Proxy War in Libya

Haftar’s assault on Tripoli is partly a reflection of regional rivalries

The renewed warfare in Libya is not merely between the forces of the so-called Libyan National Army (LNA) led by Khalifa Haftar and those of the internationally recognised government headed by Fayez al-Sarraj. It is also between the al-Jazeera TV channel, representing the Qatari-Turkish alliance, and the al-Arabiya channel, which supports Haftar and speaks for the four-party anti-Qatar coalition consisting of Saudi Arabia, the UAE and Egypt as well as Bahrain.

In other words, a propaganda war is raging alongside the bloody fighting on the ground in Libya. Both sides think the victor will emerge as a leader of a new and reunified country. But the complexity of the situation, and the interference of regional and international powers competing for all or part of the lucrative spoils means that no outcome will be stable.

The statements about Libya being issued these days by various countries have one thing in common. They all profess concern about the developing situation. But this pretence conceals an undeclared inclination to support Haftar and his forces’ advance on Tripoli under the misleading guise of combating terrorism.

Haftar timed his offensive very carefully after obtaining a green light from Gulf states and regional and world powers. He visited Saudi Arabia, the UAE and Egypt before firing the opening shot in his campaign to capture the capital. Russia, France and the US, for their part, make no secret of their wish to see an end to the chaos in Libya caused by Nato’s 2011 intervention, which led to regime-change and turned the country into a base for illegal migration to Europe and the re-gathering of hard-line Islamist groups.

Saudi Arabia, the UAE and Egypt have been providing Haftar and his forces with the constant military and political backing for the past seven years. This has included tanks, armoured vehicles and other sophisticated military equipment – including warplanes – as well as billions of dollars in funding.

The go-ahead for the offensive was given at a time when Qatar is under siege and Turkish President Recep Tayyep Erdogan – the Sarraj government’s key backer  — is losing popularity, with his country mired in an economic crisis which could worsen given its growing quarrel with the US over its proposed acquisition of Russian S-400 air defence missiles.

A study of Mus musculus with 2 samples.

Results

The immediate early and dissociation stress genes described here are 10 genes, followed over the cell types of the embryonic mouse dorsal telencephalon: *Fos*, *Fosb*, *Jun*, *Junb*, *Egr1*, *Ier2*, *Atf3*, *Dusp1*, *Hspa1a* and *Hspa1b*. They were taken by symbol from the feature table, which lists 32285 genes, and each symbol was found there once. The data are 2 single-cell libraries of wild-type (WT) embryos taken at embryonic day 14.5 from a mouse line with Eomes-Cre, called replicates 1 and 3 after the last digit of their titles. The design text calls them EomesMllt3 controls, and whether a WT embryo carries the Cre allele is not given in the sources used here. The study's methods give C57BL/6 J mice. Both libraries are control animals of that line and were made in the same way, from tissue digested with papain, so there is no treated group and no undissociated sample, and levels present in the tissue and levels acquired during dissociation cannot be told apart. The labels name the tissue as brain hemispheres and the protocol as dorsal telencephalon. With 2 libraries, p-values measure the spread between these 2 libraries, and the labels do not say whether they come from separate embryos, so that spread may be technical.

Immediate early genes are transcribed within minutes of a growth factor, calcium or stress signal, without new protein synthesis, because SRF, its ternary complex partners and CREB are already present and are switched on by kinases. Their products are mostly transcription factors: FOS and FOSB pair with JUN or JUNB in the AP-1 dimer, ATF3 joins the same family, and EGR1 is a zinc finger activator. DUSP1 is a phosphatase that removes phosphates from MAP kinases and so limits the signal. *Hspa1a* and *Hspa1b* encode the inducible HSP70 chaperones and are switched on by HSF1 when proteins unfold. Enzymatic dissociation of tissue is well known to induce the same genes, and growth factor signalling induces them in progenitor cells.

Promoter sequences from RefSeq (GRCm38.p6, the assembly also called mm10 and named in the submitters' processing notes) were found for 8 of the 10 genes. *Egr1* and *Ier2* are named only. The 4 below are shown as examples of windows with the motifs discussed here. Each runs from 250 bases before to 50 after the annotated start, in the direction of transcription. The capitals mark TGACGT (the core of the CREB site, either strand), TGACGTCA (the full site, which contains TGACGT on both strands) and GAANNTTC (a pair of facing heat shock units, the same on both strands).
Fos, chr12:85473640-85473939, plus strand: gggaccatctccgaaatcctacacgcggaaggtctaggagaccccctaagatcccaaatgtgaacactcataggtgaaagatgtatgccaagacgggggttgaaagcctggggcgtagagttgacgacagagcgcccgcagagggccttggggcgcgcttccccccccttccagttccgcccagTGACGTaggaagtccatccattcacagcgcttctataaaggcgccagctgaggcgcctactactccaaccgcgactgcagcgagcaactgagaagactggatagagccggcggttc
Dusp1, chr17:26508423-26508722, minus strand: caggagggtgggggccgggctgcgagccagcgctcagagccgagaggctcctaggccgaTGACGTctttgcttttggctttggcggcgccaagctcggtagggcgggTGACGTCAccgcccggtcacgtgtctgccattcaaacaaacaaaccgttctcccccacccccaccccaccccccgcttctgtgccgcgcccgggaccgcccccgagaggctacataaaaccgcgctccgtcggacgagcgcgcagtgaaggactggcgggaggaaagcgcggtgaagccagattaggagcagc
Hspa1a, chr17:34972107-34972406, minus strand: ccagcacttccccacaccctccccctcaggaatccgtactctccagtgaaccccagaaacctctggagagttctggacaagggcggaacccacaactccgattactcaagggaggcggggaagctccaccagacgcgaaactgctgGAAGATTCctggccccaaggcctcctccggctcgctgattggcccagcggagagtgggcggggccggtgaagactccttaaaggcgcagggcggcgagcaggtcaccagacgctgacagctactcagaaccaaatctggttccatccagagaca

Haftar has the upper hand for now. This is not only due to the potent and sophisticated weaponry provided to him from numerous sources. It is also because he has backing from powerful tribes that used to be loyal former leader Muammar al-Qadhafi, including the Warfalla, Magarha and Obeidat. There is the talk of a power-sharing deal between Haftar and Qadhafi’s son Saif-al-Islam should the former’s mainly eastern forces succeed in taking Tripoli and assuming control of it.

They already control most of the east and south of the country and its oilfields. They even managed to overrun Tripoli’s disused International Airport briefly before being repulsed by pro-Sarraj forces. The battle for Tripoli could be decisive, determining who Libya’s future rulers will be.

The Libyan public is divided. Some back Sarraj’s government as the legitimate authority, which is supported internationally but weak in military terms. Others favour Misrata-based or Islamist groups or Haftar’s forces or others. All agree, however, on the need to end the anarchy and instability that has plagued the country and prompted up to three million of its inhabitants to flee to neighbouring countries or Europe.

It is difficult to predict the outcome of the impending battle for Tripoli if it takes place. But in the absence of any international or regional plan to halt the advance of Haftar’s forces, he would appear to have the advantage for now – especially as he has managed to combine opposites by securing both US and Russian backing simultaneously. The one certainty is that the Libyan people are set to pay a high price, yet again, in blood and lives.